By Scott Douglas Jacobsen and Pamela Machado
Pamela Machado is a contributor to Conatus News, and a journalist based in London, UK. She took some time to sit down and talk about life in London. Here are her thoughts.
Scott Douglas Jacobsen: You went on a bold trip to London for a young person. The story needs some background, which we have discussed and will explore in this Q&A. The ups and downs, the pluses and minuses, and the personal triumphs and tribulations with life in London. To begin, when did London seem like the more desirable place for you?
Pamela Machado: Like many of the people here, I used to see London as the capital of the world, as the most exciting place to be. Being an eighteen year-old in a small town in Southern Brazil, I had desires which couldn’t be fulfilled at home. I wanted passionately to become a journalist and travel and London seemed the place to be when you want these things.
SJ: London is a desirable place. It has an appeal as a global hub for culture and innovation, especially youth culture and education. How did you come to the conclusion at 18 to leave to London? Was this an instant choice or a slow, incremental development?
PM: Leaving to London was the final result of various moments of dissatisfaction I had back home. It felt the right moment to come here because I didn’t have much to lose.
SJ: Travel is an exciting prospect, but the stress and anxiety resulting from new travels into a new place can be both exhilarating and crippling, it’s fun to see and do new things, but it’s nice to have family and friends from the previous life to bolster and encourage the new life.
PM: For a good part of my time here I lived with the excitement. I was excited about all the different things and people I am surrounded by. It felt as if I could never get bored or get disappointed because it would always be a new place, a new person. Probably around after the first year, a new feeling started to grow. I suddenly came to realise that I was getting used to life in London and London felt as much as any other place. The normal frustrations of life hit me, along with longing from home. Coping with the high cost of life, working on pubs and cafes on weekends, leaving with strangers… all that add up to my starting to feel overwhelmed.
SJ: It must be stressful without someone to reach out to, being away from home without too many contacts, especially being an introvert. Also, how tenuous can friendships in London be? Are there fast turnover of friendships? Are there lasting relationships more often than not?
PM: As a foreigner in London, most of my interpersonal relationships are with other foreigners. It is just as enriching as it is fragile. I don’t have any official numbers here, but most foreigners leave London at some point. They go back to their home country or go somewhere else, in many cases because they are tired of life in the city. Most of the friends I made are not here anymore. We eventually keep in touch but it is not the same. A true, lasting friendship takes years to be built.
SJ: There is an “it.” It comes and goes when in a new place and feeling as if without bearings. Have you found out what “it” is?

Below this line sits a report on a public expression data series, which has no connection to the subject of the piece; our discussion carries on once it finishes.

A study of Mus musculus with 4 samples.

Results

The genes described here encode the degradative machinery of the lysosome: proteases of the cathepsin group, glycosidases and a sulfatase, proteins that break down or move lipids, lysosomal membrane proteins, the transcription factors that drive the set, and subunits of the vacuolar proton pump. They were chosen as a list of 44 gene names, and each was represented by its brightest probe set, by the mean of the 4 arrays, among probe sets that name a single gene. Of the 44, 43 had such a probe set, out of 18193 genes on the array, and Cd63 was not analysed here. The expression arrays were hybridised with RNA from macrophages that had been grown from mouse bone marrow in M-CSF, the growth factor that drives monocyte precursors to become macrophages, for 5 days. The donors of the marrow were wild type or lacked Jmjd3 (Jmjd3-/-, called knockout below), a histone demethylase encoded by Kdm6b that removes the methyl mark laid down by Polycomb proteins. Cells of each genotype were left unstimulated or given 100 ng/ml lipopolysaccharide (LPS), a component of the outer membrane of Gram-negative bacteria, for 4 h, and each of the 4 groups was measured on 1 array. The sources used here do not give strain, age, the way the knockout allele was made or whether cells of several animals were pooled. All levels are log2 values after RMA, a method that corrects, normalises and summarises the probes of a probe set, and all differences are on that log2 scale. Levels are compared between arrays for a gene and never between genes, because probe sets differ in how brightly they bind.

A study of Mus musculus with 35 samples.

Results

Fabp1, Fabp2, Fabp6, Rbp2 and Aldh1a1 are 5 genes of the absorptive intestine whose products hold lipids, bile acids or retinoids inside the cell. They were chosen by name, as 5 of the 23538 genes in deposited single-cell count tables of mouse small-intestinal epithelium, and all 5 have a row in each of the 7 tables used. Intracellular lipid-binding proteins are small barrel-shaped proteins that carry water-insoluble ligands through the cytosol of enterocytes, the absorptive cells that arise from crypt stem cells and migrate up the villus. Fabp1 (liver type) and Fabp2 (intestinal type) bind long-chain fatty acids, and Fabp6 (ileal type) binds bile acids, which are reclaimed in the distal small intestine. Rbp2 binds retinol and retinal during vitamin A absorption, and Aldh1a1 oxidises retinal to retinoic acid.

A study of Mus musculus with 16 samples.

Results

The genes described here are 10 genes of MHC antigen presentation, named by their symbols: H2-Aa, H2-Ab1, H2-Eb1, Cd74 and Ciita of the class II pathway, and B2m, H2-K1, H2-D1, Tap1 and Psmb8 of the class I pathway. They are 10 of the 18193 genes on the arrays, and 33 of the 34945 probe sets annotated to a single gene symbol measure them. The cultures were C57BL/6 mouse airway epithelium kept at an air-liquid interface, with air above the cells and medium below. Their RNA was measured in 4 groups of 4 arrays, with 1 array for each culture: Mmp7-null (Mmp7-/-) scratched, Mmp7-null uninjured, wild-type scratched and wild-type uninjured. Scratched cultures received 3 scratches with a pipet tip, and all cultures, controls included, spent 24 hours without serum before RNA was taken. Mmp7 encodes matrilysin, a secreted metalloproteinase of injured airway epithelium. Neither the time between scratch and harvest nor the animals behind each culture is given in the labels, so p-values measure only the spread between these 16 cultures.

PM: I discovered it is important to keep things under perspective, always remember myself how much I have conquered and grown by being here. However, for most of the time, I find myself stuck in a mental spin, lost in the thought of things I need to do. People walking around London are usually so busy, rushing somewhere and it is contagious. Anxiety can be a really big problem over here and it definitely is to me. Competition is tough and the pressure one puts on oneself to succeed in London can be insane. No wonder London is the city with the highest mental illness rate in the UK.
SJ: A not common, but more frequent, phenomenon of women outpacing male peers in education and work, then hitting 25-35 and thinking, “Uh oh, what will I do from 40-80?” For many, not all, people, it becomes family – possibly children – and friends rather than work and hobbies. It can be a tough dynamic, which, reproductively and professionally speaking, can make women’s lives more complicated and difficult than men.
PM: I understand your point and even though I haven’t figured out exactly what I want for my later life, I do appreciate the presence of friends and family in life. Relationships and work life shouldn’t oppose each other – like happens in many cases, unfortunately. They should act together. A professional achievement has a lot more sense when it is shared with the ones will love. Coming from a tiring day of work to an empty home is not exactly a happy goal but it is what happens to many.
SJ: Only question that comes to mind for me that I feel as though you would want an answer to is, “What now?” So, what now?
PM: As someone from a small town in the south of Brazil, and as a eighteen year-old, I wanted to travel and be part of a world that was unknown to me. I came here, left my family, my friends, university and came here. I wanted to study Journalism – which I’m now doing, I wanted to be here and grow but somehow it is not as good as I thought it would be – like everything in life, I guess?
There is a saying in London that you become a true Londoner after four years in the city. Well, more than four years later, I am still here and one could say I am doing pretty well in life. Yet, I did not achieve the fulfillment I expected I would get when I hopped on that plane. The ultimate question is, how can I feel fulfilled?
I mean, doing a general balance, I’m happy. I don’t regret any of my decisions. But this journey led me to value my roots and my people in a more meaningful way, and eventually open my mind to different possibilities.